You're at a holiday party, you see someone you totally recognize, someone you actually like, and they're coming your way to talk — which would be great, except for the fact that you 100 percent cannot remember their name. It's embarrassing for sure, and sends you down a mental spiral about why you can never remember people's names, even though you seem to be able to retain faces just fine. But the truth is, my friends, according to a new study, your brain is actually a lot better at remembering names than it is at remembering faces. Many of us just think we can't remember names because of how freaking embarrassing that moment can be when you have to ask for someone's name again, or worse, get it wrong on the first (and maybe even second) try.
The new study comes from researchers at the University of York, who basically want you to go easier on yourself when you forget someone's name at your next holiday party. According to the university's press release on the study, in a circumstance where you know someone's face but can't seem to place their name, you're relying on a brain function called recognition to remember the person's face, and another function called recall to remember their name. And apparently, the research argues, your brain is generally better at recognition than it is recall.
In other words, it's really not your fault if you can't remember whether that one co-worker's name is Stephanie or Stacy.
As per the study's press release, the researchers explained that you're only aware that you've even forgotten a person's name at all after you've recognized their face. Moreover, from the researchers' perspective, it's not often that you can recall a person's name, but not their face — which is actually pretty true when you think about it. Because, when I forget a face at least, it's kind of like I just don't know I'm forgetting it. Like, if you're sitting next to some dude on the subway that you met once but don't remember, well, you just don't remember. And as a result, you don't beat yourself up for it the same way you do when you forget someone's name. You don't even really register the fact that you forgot their face, you know?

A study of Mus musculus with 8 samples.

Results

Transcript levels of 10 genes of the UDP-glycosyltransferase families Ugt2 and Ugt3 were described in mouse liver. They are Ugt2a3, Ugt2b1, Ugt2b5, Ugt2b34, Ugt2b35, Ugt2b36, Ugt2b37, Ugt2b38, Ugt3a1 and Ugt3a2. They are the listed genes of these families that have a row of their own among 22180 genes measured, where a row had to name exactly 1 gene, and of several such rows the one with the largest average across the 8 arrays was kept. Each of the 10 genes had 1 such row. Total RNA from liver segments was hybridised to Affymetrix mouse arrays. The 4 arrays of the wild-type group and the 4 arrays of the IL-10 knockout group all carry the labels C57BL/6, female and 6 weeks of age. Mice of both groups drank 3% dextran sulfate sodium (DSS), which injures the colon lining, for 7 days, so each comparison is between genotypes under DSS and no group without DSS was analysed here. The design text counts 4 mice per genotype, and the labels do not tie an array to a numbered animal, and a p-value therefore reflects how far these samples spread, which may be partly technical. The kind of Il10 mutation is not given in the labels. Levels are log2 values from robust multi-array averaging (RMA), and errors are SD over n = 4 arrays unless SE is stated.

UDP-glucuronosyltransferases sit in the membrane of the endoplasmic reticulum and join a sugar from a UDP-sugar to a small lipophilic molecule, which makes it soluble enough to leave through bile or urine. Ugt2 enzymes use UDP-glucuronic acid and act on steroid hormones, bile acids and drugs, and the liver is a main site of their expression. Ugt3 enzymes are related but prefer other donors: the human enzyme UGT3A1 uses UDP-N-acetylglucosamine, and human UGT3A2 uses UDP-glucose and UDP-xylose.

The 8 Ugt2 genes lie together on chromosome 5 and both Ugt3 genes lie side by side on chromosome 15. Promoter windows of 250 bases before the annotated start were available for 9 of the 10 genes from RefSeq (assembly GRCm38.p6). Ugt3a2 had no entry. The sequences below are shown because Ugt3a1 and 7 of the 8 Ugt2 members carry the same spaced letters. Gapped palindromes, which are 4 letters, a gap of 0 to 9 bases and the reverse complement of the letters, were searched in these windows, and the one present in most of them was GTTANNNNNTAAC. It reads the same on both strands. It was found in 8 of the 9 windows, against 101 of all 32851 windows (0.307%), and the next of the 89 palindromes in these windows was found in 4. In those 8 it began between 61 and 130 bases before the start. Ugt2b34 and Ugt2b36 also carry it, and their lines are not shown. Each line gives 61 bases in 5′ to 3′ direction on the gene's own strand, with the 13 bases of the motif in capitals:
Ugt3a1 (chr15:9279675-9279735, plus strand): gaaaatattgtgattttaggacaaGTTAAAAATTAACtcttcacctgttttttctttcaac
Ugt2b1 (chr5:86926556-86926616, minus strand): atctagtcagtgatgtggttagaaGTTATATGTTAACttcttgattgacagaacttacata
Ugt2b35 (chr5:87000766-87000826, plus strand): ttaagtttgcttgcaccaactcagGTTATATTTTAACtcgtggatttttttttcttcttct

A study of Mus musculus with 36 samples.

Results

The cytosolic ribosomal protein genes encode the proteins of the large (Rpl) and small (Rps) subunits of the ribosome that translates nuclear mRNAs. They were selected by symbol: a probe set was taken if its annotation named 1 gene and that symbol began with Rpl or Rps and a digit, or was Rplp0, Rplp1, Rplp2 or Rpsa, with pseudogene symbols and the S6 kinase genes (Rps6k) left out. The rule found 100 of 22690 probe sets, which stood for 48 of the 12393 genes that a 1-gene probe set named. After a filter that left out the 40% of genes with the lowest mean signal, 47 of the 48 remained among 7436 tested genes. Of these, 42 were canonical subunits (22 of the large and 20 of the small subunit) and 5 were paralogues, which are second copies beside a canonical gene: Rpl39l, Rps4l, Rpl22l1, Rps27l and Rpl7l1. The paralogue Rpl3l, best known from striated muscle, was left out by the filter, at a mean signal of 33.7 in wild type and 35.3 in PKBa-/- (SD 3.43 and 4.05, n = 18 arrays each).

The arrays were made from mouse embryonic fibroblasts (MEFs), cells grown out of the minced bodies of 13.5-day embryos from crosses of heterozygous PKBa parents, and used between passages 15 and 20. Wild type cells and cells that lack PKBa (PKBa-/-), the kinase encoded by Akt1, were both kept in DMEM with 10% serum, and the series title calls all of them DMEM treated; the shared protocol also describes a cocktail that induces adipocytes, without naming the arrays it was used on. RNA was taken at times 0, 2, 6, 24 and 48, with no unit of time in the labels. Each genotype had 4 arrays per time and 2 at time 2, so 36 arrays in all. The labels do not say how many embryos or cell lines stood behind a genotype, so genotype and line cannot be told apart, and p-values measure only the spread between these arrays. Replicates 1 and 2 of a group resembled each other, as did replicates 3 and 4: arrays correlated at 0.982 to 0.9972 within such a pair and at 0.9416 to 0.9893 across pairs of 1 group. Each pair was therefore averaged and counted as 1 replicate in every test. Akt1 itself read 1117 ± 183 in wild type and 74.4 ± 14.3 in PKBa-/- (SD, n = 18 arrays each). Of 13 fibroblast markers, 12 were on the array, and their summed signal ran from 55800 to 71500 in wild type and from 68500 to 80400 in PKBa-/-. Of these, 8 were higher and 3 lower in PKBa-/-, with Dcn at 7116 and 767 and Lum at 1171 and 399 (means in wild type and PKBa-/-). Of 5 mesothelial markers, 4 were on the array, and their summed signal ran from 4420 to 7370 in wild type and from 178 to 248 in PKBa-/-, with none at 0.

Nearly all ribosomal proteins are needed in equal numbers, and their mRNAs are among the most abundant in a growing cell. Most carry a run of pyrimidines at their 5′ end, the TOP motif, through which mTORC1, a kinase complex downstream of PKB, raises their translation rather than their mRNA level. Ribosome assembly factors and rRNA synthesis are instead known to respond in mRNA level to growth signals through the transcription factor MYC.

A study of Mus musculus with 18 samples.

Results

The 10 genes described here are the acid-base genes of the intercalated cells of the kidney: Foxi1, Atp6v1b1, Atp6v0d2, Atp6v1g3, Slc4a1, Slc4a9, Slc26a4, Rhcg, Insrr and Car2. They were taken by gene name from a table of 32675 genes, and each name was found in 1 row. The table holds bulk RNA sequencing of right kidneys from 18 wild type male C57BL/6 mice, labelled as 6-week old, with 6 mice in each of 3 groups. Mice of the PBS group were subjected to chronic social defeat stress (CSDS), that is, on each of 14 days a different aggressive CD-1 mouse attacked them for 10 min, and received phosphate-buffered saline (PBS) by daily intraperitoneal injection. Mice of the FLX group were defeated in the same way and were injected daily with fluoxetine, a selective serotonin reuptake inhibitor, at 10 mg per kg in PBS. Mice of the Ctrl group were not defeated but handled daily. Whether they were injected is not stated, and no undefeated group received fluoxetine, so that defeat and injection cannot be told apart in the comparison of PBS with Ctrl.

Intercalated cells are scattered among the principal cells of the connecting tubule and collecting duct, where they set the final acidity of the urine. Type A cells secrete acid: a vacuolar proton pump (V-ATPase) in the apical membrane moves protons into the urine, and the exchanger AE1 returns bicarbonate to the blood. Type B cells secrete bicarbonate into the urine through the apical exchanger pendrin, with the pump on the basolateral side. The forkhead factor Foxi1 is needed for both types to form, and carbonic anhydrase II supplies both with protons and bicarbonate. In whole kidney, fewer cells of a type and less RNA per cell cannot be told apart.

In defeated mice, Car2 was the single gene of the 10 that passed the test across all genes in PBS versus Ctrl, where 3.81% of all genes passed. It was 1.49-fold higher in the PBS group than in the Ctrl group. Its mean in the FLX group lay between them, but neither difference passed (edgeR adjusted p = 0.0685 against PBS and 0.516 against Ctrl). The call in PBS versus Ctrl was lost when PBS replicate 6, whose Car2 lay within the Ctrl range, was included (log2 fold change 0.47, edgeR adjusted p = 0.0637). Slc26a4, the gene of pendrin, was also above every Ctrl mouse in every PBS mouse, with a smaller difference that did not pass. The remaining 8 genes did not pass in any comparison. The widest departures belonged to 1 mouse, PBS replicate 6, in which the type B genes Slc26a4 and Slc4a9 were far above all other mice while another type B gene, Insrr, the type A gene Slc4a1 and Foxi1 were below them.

Anyway, here's how the study went: According to the press release, the researchers recruited participants (most of whom were in their 20s) to take part in a series of experiments centered around something called a "fair test," meaning they played a recognition game that "pitted" their ability to remember names against their ability to remember faces. The participants had a short period of time to memorize unknown faces and unknown names, and were later tested on their ability to recall both.
During another experiment, the press release explains, the researchers added some complications to account for how faces can change slightly depending on the circumstances or context (think: hair up or down, being in a dark restaurant, etc.). They showed the participants different pictures of the same faces from the first experiment, and also showed the names in different typefaces.
According to the study's results, which have been published in the Quarterly Journal of Experimental Psychology, people recognized about 73 percent of faces in the first experiment, when they were shown and tested on the same photograph of a person, though they only recognized about 64 percent of faces in the second experiment, when the learning and test photos were slightly different from one another.
However — and here's the kicker — participants recognized a whopping 85 percent of names when they were presented in the same font and format in the first experiment, and 83 percent when the font style changed in the second experiment.
Study co-author Dr. Rob Jenkins, of the department of psychology at the University of York, said in a statement for the study's press release,
Our study suggests that, while many people may be bad at remembering names, they are likely to be even worse at remembering faces. This will surprise many people as it contradicts our intuitive understanding.
Knowing someone’s face, but not remembering their name is an everyday phenomenon. Our knee-jerk reaction to it is to say that names must be harder to memorise than faces, but researchers have never been able to come up with a convincing explanation as to why that might be. This study suggests a resolution to that problem by showing that it is actually a red herring in the first place.
So, if it makes you feel any better about forgetting someone's name at a party, there could very well be someone at the punch bowl trying to make eye contact with you, whom you don't remember at all. Just sayin'.